To Summon or Not to Summon

Hello dreamers and dreamworkers asleep and awake,

My favorite quote from Carl Jung is the one he had inscribed above his door: “Vocatus atque non vocatus, deus aderit” ….”Summoned or not summoned, the god will be there.”

Wow! Think about it! …summoned or not summoned, the god will be there.”

This is true of the dream life in all its aspects, but it is particularly true of the shadow motifs– the emerging parts of us that we disown and repress and fear. They will come to our door whether we want them to or not.

A woman in her sixties told me the following dream: “I’m inside. I notice there’s a man moving around outside the house. I see that he’s looking to come in. He’s very handsome, with a light suit and unbuttoned tie, bearded. He looks like one of the Bee Gees. I recognize him–he is Prokoviev, the composer. I see him out there but I don’t want to open the door. It was a funny feeling–I’m expecting him in some way, yet I’m not welcoming him.”

The woman, a musician and aspiring composer, immediately recognized that this was about her composing. What is odd and striking is her reaction when he appears outside the house–she doesn’t want to let him in. You would think she would be honored and overjoyed to have such a figure at her door. A handsome Bee Gee Prokoviev coming to pay her a visit…it couldn’t get much better! But instead the dream follows the classic shadow pattern–threatening figure wants to get in, dream ego cowers inside and doesn’t want to open the door. Why? The answer is always some version of: because we are afraid of change. She is not ready to say “yes” to her composing career.

As a dreamworker your job is to help get the door opened. It seems pretty obvious that the dream wants her to let this wonderful man inside as soon as possible. She didn’t summon him but he is now there, unsummoned and trying to get in. This is the time to throw open the door! Help her do it. Imaginally at first (visualize going to the door and welcoming him, perhaps sitting down at the piano together?); then ritually (put a picture of Prokoviev or Barry Gibb on the fridge?); then actually (write a piece of music dedicated to this handsome bearded man?).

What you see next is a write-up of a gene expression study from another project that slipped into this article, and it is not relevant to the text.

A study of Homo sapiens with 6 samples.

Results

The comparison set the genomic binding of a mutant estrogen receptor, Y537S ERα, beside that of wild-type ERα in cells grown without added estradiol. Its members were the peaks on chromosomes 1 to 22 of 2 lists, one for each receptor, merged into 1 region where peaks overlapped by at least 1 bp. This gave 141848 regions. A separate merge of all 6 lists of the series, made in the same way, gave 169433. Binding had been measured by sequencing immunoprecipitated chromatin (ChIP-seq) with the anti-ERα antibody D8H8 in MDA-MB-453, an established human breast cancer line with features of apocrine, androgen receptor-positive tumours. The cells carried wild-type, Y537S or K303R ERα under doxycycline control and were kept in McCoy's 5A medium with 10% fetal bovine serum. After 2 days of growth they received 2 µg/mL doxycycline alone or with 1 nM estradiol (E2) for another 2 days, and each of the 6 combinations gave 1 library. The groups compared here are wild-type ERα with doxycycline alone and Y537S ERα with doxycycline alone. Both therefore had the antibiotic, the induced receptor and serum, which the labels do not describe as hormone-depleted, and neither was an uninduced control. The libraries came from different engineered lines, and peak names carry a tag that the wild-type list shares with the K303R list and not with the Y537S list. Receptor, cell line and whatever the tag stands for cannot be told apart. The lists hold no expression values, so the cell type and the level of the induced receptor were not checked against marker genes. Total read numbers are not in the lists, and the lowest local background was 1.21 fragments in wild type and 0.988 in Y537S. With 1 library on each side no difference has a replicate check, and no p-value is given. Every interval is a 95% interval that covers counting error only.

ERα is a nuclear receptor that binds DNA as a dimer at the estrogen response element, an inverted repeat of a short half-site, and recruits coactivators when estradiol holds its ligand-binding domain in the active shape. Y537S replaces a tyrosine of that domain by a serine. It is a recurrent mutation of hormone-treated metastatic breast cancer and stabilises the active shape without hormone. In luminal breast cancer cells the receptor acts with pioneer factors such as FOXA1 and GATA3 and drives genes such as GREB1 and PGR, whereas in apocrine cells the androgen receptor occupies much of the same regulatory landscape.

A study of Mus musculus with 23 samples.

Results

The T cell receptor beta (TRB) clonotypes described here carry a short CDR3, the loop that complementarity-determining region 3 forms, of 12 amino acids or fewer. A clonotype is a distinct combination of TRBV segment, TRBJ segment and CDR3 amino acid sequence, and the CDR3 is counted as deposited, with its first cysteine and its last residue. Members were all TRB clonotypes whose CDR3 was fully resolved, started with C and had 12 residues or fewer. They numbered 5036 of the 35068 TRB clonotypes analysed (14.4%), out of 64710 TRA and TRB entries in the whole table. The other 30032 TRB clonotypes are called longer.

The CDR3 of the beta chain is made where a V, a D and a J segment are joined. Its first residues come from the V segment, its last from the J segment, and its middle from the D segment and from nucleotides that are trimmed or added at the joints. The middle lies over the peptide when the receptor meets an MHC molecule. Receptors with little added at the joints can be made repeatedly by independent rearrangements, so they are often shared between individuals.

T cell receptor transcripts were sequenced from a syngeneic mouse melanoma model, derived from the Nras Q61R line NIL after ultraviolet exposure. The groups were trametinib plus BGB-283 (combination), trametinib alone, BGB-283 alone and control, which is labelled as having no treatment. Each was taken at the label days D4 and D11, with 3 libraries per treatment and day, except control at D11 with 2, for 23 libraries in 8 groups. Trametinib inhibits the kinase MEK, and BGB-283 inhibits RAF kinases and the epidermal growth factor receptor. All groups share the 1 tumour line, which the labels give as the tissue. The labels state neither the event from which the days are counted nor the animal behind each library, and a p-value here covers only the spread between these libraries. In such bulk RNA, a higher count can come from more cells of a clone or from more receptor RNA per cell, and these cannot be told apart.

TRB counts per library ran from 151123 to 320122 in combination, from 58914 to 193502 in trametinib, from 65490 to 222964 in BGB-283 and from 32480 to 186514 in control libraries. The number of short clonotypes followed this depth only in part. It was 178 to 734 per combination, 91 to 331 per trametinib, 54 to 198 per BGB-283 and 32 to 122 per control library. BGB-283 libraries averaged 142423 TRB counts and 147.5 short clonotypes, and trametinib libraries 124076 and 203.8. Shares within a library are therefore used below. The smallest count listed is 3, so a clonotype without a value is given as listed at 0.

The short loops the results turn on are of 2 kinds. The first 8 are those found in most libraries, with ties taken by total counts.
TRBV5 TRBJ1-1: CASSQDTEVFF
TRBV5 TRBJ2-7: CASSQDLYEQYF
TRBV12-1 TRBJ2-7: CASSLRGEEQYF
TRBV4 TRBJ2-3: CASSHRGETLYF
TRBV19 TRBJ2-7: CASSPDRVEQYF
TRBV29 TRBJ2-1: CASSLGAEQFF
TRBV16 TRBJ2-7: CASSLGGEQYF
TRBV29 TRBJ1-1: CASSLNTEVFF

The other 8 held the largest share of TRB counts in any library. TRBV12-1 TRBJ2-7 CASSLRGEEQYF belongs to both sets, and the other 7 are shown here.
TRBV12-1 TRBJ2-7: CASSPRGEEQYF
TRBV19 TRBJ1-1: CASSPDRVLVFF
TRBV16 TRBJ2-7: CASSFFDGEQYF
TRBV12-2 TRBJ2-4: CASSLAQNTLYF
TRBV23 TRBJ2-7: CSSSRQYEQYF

What happens when the unsummoned god is at the door but we refuse to answer? Every situation is different, but they all tend to follow the pattern of repetition, then increased urgency, then eventual pathologizing. In other words: the god will continue to knock at the door. If the dreamer cannot find the courage to answer the urgency will ramp up; often the dreams will become more frightening. Finally, if the god is not encountered and welcomed after years of trying, a health problem will take root; an expression of unlived life and frustrated potential appearing now as a disturbance in the body.

It’s usually better to be procative with shadow figures and many of the other gods of the human psyche– imagine venturing out to meet them if you can. Don’t always make them come to you. They will be there whether you summon them or not.

  • Tallulah Lyons Reply

    I appreciate your linking “shadow” figures with the gods that invite us to heal and grow. I also like your suggestions for “honoring” the dream – bringing its energies into waking life. Thank you.